Museum studies old and new – education and research
In the 20th century, university courses in museum studies in Europe and overseas stressed practice rather than theory and trained professionals who later pursued traditional museum careers. This approach gradually changed and museum studies were included at all levels of university education and in a wide range of areas, while museums also came on board. Some universities set up museum studies departments, research centres were established and a significantly larger number of books and periodicals were published on the subject, especially in the past decades. Those participating in university-level research and education became the main theoreticians of ’critical museology’, the postmodern representatives of the international trend aimed at breaking with the previous linear narrative of museology, the opposers of the previous authoritarian practice. This new direction in theoretical museology also rejuvenated museum practice, replacing the approach of introversion and isolation by openness to external views and opinions.
The current importance of museum studies and the increased scope they cover compared to the beginning of its history are well illustrated by a randomly selected data: this year 72 MA programmes were launched in museum studies in the United Kingdom, 27 of these by London universities. The distribution of the courses is also revealing: the majority focus on curating (the Hungarian use of this term virtually restricts it to exhibition organisation, while in English it mainly means the ’management’ of museum collections), collecting and museum studies but they also include art gallery work, museum education and managing cultural heritage; there are even museum studies linked to various museum types.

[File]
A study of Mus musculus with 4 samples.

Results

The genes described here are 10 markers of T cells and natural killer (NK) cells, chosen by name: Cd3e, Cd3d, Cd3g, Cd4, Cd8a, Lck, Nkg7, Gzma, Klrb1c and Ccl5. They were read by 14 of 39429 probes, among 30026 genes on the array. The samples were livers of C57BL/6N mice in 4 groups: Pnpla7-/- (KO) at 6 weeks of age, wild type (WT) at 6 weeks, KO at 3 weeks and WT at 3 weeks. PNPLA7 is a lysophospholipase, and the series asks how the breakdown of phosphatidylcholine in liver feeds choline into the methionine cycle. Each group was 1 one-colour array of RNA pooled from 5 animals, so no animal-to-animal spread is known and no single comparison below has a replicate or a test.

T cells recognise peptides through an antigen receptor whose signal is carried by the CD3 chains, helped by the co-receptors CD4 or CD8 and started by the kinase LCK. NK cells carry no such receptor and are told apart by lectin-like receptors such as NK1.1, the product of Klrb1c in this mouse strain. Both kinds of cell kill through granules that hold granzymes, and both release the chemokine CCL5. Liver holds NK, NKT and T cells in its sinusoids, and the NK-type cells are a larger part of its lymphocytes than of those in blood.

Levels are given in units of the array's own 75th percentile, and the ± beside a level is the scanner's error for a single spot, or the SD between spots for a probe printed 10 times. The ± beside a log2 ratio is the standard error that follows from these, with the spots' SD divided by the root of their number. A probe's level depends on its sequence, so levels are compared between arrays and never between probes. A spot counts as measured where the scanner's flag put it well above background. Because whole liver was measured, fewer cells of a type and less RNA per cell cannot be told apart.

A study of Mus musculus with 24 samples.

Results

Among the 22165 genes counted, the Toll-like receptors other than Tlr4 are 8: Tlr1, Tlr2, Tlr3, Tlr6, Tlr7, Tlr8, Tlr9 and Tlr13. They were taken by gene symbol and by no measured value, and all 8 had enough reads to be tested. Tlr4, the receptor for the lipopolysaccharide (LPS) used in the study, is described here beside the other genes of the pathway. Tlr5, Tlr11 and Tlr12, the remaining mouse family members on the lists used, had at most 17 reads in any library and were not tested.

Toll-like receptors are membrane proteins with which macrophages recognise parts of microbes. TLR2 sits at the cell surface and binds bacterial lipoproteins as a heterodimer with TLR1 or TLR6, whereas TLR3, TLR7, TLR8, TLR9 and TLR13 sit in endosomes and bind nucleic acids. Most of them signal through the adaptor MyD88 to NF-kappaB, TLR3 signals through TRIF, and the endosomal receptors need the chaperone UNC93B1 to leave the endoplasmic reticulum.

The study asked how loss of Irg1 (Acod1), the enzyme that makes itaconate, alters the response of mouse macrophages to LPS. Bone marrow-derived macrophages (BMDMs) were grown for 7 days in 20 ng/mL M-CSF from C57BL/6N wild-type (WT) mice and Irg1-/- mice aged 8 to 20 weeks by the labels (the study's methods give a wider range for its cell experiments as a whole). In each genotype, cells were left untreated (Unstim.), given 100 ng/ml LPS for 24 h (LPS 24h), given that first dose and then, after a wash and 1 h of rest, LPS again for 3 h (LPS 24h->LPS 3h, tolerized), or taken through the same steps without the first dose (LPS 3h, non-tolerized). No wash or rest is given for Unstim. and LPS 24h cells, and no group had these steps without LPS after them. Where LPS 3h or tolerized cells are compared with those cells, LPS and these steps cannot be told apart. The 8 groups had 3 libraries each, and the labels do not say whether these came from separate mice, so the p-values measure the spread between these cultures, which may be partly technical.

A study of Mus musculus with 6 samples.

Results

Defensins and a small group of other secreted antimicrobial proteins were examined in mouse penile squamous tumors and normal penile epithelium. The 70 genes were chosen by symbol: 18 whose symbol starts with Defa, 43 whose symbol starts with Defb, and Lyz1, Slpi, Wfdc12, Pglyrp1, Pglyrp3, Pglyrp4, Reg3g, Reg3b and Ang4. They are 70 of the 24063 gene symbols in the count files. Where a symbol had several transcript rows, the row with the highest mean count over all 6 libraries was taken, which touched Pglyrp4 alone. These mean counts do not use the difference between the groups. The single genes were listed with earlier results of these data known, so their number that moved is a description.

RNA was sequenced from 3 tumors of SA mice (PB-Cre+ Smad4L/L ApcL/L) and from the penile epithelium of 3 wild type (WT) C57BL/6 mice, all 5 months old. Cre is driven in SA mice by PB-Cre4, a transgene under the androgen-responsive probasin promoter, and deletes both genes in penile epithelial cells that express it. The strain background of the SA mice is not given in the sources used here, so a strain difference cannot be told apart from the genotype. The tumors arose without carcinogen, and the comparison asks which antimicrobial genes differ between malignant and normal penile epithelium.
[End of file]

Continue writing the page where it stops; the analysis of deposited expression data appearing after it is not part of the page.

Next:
European academic programmes also include courses developed on the basis of cooperation between nations; these were launched in 2007 and have been running ever since.
Having surveyed ‘simpler’ study programmes, a great example is the Museum Studies programme at New York University, from which more than 300 professionals graduated over three decades and found employment in the most diverse museums, arboretums, science centres, national parks, private, corporate and public collections, governmental organisations, historical societies and art galleries with their activities covering the entire spectrum of the museum scene: they work as directors, curators, museum educators, registrars, collection handlers, as well as media and customer relations professionals.
When looking at the research centres of the museum world, perhaps the most exciting programme is run by the Smithsonian Center for Education and Museum Studies (SCEMS) in Washington DC. Its Museum Studies website was active from 1998 and 2014; the oldest digital resource in the area, it provided a wide range of up-to-date information to facilitate museum work as well as research findings about the social role of museums.